Supplementary Budget 2020

Mboweni: Plum season is over, but it can come again

Finance Minister Tito Mboweni during a media briefing after his first mid-term budget speech at Parliament on October 24, 2018 in Cape Town (Gallo Images / Times Live / Esa Alexander)
Finance Minister Tito Mboweni during a media briefing after his first mid-term budget speech at Parliament on October 24, 2018 in Cape Town (Gallo Images / Times Live / Esa Alexander)

Finance Minister Tito Mboweni drew inspiration from his part-time job as a farmer to draw up Budget 2019.

The minister on Wednesday tabled the National Budget in Parliament.

In his opening remarks, he recalled that one year, his predecessor Trevor Manuel had handed out "succulent" plums to demonstrate the "times of plenty" SA found itself in.

This year, however, Mboweni was sharing the podium with an Aloe Ferox. This was to demonstrate that SA needed to plant seeds again, so that the economy could once more have plenty.

"As a part-time farmer, I know that in order for people to 'possess all these things', we have to plant anew. It is time for us to sow a seed of renewal and growth," he told the National Assembly.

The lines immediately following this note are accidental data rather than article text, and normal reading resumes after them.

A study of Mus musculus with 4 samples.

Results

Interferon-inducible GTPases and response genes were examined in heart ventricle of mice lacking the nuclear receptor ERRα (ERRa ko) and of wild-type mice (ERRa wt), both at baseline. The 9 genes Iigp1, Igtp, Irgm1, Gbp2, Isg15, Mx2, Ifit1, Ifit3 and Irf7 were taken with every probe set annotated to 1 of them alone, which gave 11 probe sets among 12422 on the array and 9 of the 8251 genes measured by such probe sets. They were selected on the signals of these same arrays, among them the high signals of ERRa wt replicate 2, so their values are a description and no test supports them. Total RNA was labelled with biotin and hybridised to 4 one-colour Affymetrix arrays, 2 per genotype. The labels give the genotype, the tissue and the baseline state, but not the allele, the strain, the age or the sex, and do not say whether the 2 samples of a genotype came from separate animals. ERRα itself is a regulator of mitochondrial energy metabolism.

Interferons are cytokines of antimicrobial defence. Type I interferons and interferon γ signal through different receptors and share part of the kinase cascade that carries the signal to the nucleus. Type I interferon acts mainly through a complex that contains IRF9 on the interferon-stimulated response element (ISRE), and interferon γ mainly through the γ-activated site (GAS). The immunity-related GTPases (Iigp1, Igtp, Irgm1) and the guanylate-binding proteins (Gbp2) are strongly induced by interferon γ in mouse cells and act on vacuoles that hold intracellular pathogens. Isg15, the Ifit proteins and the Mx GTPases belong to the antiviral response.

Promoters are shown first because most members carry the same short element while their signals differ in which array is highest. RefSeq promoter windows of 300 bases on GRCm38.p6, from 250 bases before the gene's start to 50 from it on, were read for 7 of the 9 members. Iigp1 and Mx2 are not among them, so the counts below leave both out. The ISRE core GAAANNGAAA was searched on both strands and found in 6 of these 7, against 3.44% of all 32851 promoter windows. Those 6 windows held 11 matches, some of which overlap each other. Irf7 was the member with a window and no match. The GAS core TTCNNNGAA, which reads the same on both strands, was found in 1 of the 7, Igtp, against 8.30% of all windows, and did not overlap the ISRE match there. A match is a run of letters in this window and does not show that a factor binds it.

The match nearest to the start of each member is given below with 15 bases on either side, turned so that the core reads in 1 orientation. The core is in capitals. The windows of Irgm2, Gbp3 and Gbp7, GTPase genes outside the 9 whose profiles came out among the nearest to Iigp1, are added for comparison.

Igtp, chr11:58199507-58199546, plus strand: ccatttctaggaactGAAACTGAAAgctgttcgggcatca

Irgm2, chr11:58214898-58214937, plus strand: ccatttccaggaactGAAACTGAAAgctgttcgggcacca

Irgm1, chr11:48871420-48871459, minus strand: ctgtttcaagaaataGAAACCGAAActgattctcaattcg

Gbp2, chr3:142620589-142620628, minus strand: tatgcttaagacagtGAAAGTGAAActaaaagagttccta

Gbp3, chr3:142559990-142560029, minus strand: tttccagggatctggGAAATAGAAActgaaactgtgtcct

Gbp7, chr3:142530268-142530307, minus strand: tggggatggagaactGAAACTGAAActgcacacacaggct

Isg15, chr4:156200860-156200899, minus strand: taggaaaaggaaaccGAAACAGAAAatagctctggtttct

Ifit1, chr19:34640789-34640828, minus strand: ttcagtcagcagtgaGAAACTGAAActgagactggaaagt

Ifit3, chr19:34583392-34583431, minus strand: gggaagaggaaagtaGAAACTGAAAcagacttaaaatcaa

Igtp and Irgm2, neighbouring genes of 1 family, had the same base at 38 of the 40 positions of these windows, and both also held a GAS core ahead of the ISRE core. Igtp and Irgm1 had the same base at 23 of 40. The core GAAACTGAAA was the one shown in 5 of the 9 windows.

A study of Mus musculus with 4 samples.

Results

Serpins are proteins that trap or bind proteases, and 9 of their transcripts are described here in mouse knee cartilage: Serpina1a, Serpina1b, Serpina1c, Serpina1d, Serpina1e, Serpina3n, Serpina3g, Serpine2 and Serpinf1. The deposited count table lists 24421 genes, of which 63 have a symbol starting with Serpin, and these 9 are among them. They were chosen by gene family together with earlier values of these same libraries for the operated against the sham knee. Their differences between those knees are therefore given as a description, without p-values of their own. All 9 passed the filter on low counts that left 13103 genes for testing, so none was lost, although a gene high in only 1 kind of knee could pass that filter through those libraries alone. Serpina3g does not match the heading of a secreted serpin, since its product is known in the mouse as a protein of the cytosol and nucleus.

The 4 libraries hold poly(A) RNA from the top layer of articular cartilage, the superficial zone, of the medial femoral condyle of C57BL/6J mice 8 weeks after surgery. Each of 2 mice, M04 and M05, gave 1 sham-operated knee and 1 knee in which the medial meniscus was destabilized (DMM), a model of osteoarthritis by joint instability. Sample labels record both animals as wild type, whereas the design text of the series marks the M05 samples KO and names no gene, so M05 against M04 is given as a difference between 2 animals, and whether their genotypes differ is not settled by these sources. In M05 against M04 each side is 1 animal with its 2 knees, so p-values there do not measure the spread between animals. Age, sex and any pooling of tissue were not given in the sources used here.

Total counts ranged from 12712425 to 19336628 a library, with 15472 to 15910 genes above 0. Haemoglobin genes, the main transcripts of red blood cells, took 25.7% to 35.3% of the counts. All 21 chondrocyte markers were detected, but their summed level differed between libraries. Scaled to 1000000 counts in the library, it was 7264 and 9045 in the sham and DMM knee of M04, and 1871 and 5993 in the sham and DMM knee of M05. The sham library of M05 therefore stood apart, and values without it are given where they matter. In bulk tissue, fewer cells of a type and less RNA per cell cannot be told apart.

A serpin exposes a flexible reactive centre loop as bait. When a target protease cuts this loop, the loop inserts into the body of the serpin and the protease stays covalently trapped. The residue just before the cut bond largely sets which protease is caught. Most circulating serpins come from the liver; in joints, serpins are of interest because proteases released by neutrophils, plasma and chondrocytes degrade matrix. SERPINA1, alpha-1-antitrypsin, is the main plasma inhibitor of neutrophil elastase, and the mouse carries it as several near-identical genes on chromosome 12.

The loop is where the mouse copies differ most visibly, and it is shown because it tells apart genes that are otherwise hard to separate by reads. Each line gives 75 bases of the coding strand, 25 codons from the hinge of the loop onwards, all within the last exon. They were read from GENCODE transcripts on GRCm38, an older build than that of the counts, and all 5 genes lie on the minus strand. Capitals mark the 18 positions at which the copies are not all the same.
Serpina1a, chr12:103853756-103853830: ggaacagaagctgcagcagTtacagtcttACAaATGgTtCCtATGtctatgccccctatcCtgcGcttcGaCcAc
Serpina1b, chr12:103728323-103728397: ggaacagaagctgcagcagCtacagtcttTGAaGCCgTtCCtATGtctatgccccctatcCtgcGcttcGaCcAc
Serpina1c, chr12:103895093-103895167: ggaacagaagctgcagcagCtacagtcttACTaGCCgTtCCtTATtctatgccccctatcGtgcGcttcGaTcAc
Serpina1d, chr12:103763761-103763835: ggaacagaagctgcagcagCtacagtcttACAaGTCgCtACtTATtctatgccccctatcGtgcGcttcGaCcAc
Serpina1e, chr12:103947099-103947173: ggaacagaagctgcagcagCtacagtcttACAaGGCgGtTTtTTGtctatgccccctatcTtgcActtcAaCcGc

The minister explained that after planting the seed, it would still need nurturing and protection in order to grow.

'Bitter and sweet'

"Despite our best efforts, sometimes, ravages and risks such as pests or rot could attack our green shoots. But we must persevere," he said. "We must prune and pluck away at the rot, until there is growth."

Mboweni pointed out the characteristics of the Aloe Ferox- a plant which is drought resistant and resilient. "It withstands the elements. We must take the bitter with the sweet," he said.

Mboweni said that by planting seeds of the Aloe Forex, SA could go back to the "plum years". He likened the budget to that Aloe Forex- something resistant and resilient.

"It will not be easy. There are no quick fixes. But our nation is ready for renewal. We are ready to plant the seeds of our future," Mboweni said.